Baltimore Ravens v Cincinnati Bengals Photo by Andrew Weber/Getty Images

The Cincinnati Bengals have been facing incessant questions about their rebounding process after a disastrous end to their 2015 campaign. While a mixture of factors led to the Bengals’ 18-16 loss to the Steelers in the Wild Card round, a number of players on the team propelled the implosion.

Bengals cornerback Adam Jones and running back Jeremy Hill have been two of the public enemies since January. After Hill fumbled away a ball in a scenario where the team was set to ice the win, Jones lost his cool on the ensuing Steelers drive and contributed to 30 yards worth of penalties to set Pittsburgh up for the game-winning field goal.

The Bengals showing the ability to match their overall roster talent with discipline, both in the forms of sloppy play in key times and reining in emotions in 2016, might be one of the biggest keys to their finally getting over the postseason hump. According to Jones, in an interview with SiriusXM NFL Radio, owner Mike Brown addressed the team’s need to keep their cool this season.

“When you have the owner coming to the team meeting, to tell you he loves the way we play football, he loves the aggressiveness, don’t stop the way we play football, but stop with the stuff after the whistle, it’s different than another guy than the one coming at us who’s paying our checks,” Jones told former Bengal players Takeo Spikes and Solomon Wilcots in the interview. “You live and learn from your mistakes and, like I said, we are not going to stop being a physical team. That’s our motto here, we just got to play in between the lines and everything else will take care of itself.”

Aside from the physical play Jones mentioned, the Bengals’ defense has also gained a reputation for trash-talking. It has really been spurred on by the Steelers, whose unit also annually exemplifies both traits. Jones noted that as long as the physical play continues, the talking won’t stop.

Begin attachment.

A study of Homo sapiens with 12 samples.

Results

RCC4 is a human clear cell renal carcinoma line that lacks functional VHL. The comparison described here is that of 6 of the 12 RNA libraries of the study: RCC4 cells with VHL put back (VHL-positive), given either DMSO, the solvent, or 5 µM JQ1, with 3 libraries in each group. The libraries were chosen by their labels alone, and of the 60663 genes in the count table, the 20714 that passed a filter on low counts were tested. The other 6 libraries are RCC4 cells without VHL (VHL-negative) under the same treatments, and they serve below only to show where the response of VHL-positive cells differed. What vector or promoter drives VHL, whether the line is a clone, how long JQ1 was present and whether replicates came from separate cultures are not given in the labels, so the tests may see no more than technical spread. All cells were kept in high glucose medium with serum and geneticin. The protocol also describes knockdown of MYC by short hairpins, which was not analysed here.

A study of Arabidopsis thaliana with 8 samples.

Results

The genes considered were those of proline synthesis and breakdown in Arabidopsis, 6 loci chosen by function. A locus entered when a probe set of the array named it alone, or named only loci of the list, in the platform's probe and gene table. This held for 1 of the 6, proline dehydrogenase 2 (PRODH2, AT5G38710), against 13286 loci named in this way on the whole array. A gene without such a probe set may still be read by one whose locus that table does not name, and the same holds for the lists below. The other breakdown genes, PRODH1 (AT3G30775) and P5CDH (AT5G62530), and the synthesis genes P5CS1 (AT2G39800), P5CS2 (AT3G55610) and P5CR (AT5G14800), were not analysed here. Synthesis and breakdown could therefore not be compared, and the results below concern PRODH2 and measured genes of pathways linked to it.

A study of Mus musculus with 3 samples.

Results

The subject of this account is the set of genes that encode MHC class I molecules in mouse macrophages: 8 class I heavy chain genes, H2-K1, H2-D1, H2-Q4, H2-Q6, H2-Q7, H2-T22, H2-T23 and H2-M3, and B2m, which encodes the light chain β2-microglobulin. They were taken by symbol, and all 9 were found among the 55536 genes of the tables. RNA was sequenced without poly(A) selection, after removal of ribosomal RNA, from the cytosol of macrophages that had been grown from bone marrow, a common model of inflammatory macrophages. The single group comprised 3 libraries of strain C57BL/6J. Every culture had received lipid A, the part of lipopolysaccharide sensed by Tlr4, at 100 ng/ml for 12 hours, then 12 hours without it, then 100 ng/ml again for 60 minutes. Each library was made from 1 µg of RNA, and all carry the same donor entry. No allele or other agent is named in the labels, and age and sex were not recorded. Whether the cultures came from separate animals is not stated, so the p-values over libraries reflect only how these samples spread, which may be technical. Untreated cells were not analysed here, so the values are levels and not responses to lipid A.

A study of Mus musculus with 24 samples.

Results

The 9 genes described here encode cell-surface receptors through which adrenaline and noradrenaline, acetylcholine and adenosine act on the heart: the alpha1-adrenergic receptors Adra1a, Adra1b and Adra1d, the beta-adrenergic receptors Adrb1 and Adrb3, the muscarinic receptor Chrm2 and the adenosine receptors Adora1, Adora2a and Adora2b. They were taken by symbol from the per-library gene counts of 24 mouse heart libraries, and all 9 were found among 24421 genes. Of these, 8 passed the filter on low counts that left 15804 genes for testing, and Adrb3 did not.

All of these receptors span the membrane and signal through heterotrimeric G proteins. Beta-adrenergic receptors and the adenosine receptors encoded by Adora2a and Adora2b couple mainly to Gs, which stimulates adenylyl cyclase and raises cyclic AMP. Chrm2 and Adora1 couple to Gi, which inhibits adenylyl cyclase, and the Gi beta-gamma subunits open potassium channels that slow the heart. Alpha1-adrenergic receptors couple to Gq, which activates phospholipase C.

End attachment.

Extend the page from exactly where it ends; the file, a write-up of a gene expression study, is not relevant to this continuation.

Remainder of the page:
“As far as being physical and talking, we gonna talk trash in a game, we’re going to be physical,” Jones said. “But all the fouls added after the play, the 15 yards, that’s the stuff, as a team, that we don’t need. I think everybody knows that. We were in a great position last year and let it slip away, you know. You never get those chances back, so all you can do is build on right now and get ready for the ride.”

Meanwhile, Hill is focusing more on the physical aspects of his game this offseason. While 2016 marked a season of highs and lows, fumbles were still an issue even in his outstanding rookie season. That’s the area he’s focusing the most.

“I want to take care of the damn football, that’s what I want to do, I want to make that clear,” Hill said. “I think that’s what’s most important and I think everything will take care of itself. Our offensive line has a lot of veterans and guys who have played a lot of snaps, so those guys are ready to go and will handle their business. I just have to do my part and everything will take care of itself. I just want to take care of the football.”

One of the facets to Hill’s game the Bengals loved when he was coming out of college was his ability to hang on to the football. While he had a successful rookie campaign and has a nose for the end zone in the NFL, he still has had eight fumbles (six lost, including the postseason) in his two pro seasons. Even though fumbling the ball is a physical issue, Hill is taking the mental approach this offseason as a remedy.

“For me it starts mentally,” Hill said when asked about his offseason preparation. “It’s just a mentality you have to have that ‘nobody is going to get the ball from me’. After the playoff game, it was rough for me, so I have to put myself in that mindset that nobody’s going to get the ball from me. Going into my training, just everyday working on ball security.

“Every day at practice, when no one is looking, working on it constantly, constantly until it’s at the point where it’s second nature for me. So, I think that’s where I’m at right now, getting to the point where the ball is high and tight, so it’s second nature and no one is going to get it from me.”

The statements from both players about moving forward have to be nice for fans to hear, especially as it seems to be the chorus of the rest of the players and coaches this offseason. Both Hill and Jones will be critical players for the Bengals this year as they look to bounce back with authority in 2016.